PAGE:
Sintilimab Therapy in Patients with Previously Treated Advanced or Metastatic Gastric Cancer Demonstrates Modest Response

Web Exclusives —November 16, 2021

Gastric cancer is frequently diagnosed at the advanced stage when treatment options are limited to local treatment, chemotherapy, or targeted therapy. However, treatment at this stage typically does not convey improvement in survival outcomes. Immunotherapy is being actively explored as a treatment option for patients with advanced gastric cancer, with nivolumab and pembrolizumab being recently approved for third-line treatment in Japan and the United States. Sintilimab, a monoclonal antibody, is a programmed cell death protein 1 inhibitor that is undergoing clinical trials as a treatment option for a variety of cancer types, including treatment as a second-line or above therapy for patients with advanced or metastatic gastric cancer.

In a clinical trial in China, 52 patients with previously treated advanced or metastatic gastric cancer were enrolled in a trial to study sintilimab monotherapy (n = 8) or combination therapy (n = 44) with either chemotherapy or targeted therapy. The trial included 23 patients with advanced gastric cancer and 29 patients with gastroesophageal junction adenocarcinoma. The study’s primary end point was progression-free survival (PFS), with secondary study end points of overall survival (OS), objective response rate (ORR), disease control rate (DCR), and safety. Sintilimab 200 mg was administered intravenously once every 3 weeks. To evaluate treatment response, imaging was performed on all patients every 2 weeks. Response rate evaluation found that 8 patients had a partial response to therapy, progressive disease occurred in 18 patients, and 26 patients had stable disease. Overall ORR was 15.4% and DCR was 65.2%.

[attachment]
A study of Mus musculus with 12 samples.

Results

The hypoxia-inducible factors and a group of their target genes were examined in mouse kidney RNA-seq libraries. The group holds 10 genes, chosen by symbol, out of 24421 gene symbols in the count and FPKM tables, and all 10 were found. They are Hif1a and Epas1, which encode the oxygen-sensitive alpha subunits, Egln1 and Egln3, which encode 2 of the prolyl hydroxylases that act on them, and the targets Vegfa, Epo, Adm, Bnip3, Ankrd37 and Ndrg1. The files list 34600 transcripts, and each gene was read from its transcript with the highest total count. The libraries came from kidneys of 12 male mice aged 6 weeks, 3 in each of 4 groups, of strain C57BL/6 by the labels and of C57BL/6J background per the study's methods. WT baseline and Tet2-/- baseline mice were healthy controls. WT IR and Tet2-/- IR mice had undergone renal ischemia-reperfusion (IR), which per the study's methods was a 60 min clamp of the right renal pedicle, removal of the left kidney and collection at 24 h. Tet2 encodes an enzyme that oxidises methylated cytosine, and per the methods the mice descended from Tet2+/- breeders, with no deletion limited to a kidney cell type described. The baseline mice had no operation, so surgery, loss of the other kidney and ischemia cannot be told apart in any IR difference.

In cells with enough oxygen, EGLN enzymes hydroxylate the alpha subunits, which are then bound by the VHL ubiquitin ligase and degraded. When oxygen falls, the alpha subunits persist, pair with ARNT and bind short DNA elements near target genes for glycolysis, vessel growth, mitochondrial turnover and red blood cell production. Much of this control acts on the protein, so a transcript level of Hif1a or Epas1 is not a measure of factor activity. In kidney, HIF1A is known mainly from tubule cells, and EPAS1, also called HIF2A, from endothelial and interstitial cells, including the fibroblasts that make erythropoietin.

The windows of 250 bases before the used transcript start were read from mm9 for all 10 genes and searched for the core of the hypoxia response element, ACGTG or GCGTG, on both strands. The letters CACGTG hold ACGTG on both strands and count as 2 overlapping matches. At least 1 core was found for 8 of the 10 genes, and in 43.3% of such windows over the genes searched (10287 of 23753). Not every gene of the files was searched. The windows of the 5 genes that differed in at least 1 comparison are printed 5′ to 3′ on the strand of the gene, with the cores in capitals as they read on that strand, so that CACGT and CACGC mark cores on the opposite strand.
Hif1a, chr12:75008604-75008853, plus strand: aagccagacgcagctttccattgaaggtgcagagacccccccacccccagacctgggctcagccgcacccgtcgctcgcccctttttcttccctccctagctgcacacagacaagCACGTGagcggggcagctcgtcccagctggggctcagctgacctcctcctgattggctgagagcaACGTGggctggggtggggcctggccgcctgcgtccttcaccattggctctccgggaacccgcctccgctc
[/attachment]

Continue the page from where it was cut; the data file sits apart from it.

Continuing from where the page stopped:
The investigators also evaluated responses by intestinal subtype and found 10 patients with stable disease, 6 patients with partial response, and 4 patients with progressive disease. Along with these responses, the intestinal subtype group had an ORR of 30.0% and a DCR of 80.0%. For patients with a nonintestinal subtype, the ORR was 6.3%, the DCR was 56.3%, OS was 4.1 months, and PFS was 1.9 months. The median PFS was 2.5 months with a median PFS of 1.5 months in the monotherapy group and 2.9 months in the combination therapy group. The median OS was 5.8 months; for the monotherapy group median OS was 4.0 months and for the combination group OS was 6.0 months.

All patients reported experiencing ≥1 treatment-related adverse events, with 2 patients discontinuing treatment due to adverse events and a 44.2% rate of grade 3/4 adverse events. The most frequently reported adverse events were a decrease in neutrophil counts, decreased platelets, anemia, and a decrease in white blood cell count.

The use of sintilimab in patients with previously treated advanced or metastatic gastric cancer demonstrated a modest response and was well-tolerated.


Nie C, Lv H, Liu Y, et al. Clinical study of sintilimab as second-line or above therapy in patients with advanced or metastatic gastric cancer: a retrospective study. Front Oncol. 2021;11:741865.